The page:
Who Pays for What? The Next Generation

If you look in glossy bridal magazines or in handy books on planning weddings, you’ll quickly find a breakdown of who traditionally pays for what at the wedding. In that breakdown, you’ll find that the bride’s parents pay for nearly pretty much all the big ticket items, that the groom pays for the bride’s bouquet, and lots of other handy hints.

The thing is, that’s pretty much an archaic set of rules. Who orders their flowers for the ceremony and the reception, and then expects the groom to go in at another time and choose the bride’s bouquet? Nobody, that’s who. Even the books and magazines will tell you that the rules have changed and this is just a starting place for figuring out what works for you and yours.

These days just about anyone can choose to pay for specific items or donate a wad of cash to a general budget for the happy couple to spend as they see fit. The rules for who pays went almost entirely out the window at least forty years ago. No new hard and fast set of rules has replaced the old ones.

So why do we continue to see these lists of ‘rules’ that were last likely to be followed when Donna Reed was America’s favorite TV mom? Do we even need the list as anything other than a quaint reminder of how it all used to work?

I have a radical notion: let’s ditch the list save as an historical oddity. Instead, let’s start giving real world practical advice on budgeting for a wedding. Let’s encourage happy couples to be pleasantly surprised when someone offers a donation to the funds rather than to imagine that Daddy will pay for everything because it’s his job.

If he wants to finance the whole shebang or give a gift of paying for the flowers or the reception hall or a band, that’s lovely. Accept or reject the offer based on your individual relationship and situation. Just don’t assume it’s coming until it’s offered.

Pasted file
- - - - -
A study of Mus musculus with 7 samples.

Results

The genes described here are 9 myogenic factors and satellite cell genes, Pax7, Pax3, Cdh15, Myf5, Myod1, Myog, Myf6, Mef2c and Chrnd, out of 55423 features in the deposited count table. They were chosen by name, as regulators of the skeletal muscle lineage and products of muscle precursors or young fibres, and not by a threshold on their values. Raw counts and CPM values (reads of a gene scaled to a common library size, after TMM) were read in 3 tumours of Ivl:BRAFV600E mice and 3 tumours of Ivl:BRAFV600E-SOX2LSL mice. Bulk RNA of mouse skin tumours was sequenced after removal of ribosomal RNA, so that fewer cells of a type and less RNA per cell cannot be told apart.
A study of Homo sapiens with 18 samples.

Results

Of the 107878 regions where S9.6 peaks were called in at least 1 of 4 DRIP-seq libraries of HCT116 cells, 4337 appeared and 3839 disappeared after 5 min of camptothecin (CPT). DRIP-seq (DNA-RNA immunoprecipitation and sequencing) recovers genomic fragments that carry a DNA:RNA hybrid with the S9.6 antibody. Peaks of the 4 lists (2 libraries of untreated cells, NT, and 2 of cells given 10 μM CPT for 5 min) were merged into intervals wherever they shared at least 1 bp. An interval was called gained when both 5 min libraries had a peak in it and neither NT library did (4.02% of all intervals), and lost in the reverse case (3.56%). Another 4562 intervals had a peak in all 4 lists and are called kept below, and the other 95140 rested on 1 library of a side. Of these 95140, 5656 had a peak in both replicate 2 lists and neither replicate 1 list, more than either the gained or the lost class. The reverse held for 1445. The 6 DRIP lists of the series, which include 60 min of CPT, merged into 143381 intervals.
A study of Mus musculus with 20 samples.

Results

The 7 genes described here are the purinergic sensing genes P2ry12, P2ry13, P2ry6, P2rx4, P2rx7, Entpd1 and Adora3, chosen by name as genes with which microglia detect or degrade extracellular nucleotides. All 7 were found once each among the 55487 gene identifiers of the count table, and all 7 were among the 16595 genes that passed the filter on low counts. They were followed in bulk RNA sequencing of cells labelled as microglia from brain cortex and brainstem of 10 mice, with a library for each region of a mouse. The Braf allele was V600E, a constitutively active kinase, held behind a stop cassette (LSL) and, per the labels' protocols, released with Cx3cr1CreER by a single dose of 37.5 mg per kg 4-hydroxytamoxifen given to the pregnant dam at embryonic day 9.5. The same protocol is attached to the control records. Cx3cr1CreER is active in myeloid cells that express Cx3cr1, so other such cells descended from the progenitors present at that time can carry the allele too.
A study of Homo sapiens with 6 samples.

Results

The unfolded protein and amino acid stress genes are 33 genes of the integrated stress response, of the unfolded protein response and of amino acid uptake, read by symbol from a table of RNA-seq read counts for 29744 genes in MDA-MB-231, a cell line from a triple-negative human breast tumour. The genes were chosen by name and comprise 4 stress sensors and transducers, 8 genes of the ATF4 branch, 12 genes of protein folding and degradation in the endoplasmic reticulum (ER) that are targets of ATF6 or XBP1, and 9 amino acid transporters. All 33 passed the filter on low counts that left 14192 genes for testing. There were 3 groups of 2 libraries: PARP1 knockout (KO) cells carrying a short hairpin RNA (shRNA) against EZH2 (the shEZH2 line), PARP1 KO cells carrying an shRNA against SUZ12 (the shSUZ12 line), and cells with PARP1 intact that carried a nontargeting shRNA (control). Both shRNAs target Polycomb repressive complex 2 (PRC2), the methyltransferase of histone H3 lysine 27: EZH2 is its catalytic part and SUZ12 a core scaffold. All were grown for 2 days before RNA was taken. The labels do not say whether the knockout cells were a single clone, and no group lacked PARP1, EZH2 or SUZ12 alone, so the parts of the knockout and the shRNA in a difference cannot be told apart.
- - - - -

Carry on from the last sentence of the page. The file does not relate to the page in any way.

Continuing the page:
There. I said it. I firmly believe that couples should expect to finance their own weddings out of their own pockets until someone else (ie:the potential donor) chooses to make the suggestion. And when that person holds out money, it is still up to the couple whether or not they choose to take it.

When Mr. Twistie and I were married, we paid for everything ourselves. We never asked for a dime. My father and his mother both donated food to the reception, but they chose to do so. In fact, my mother-in-law’s tray of home rolled sushi was a delightful wedding day surprise.

Was the budget ridiculously tight? Yes it was. Did we have to consider every penny spent carefully? Yes we did.

Would we have done it any other way? No we wouldn’t.

3 Responses to “Who Pays for What? The Next Generation”

  1. Rosanna says:

    Regardless of the budget, EVERY dollar of expense needs to be thought through. It’s not that just because one has a big pot of money that it’s ok to squander it on overpriced items! Wedding planners (and most brides) seem not to have this clear in mind… If you can and want to spend $50,000 then seem to assume that you “must” buy pricey items and services whether they are priced right or not. I call it BS.

  2. Ripley says:

    I completely agree. My husband and I paid for our wedding ourselves (even if we did have to take out a small loan which we paid off by the end of the year). I was very pleased when my in-laws paid for the food for the rehearsal dinner, and my parents paid for my bouquet and the invitation postage. But I certainly didn’t expect them to.

  3. Carol says:

    My husband and I also paid for our wedding and reception. Granted, it was the second marriage for both of us, but we still never expected anyone else to pay for our party. It was lovely when his mother offered to pay for the rehearsal dinner and my parents offered to pay for a wedding breakfast the next day. And they both baked treats for the reception – his mother made pies (rhubarb is her specialty) and my mother, the Cookie Queen of the Greater Midwest, made dozens and dozens of cookies. Everyone agreed that was the best part of the reception.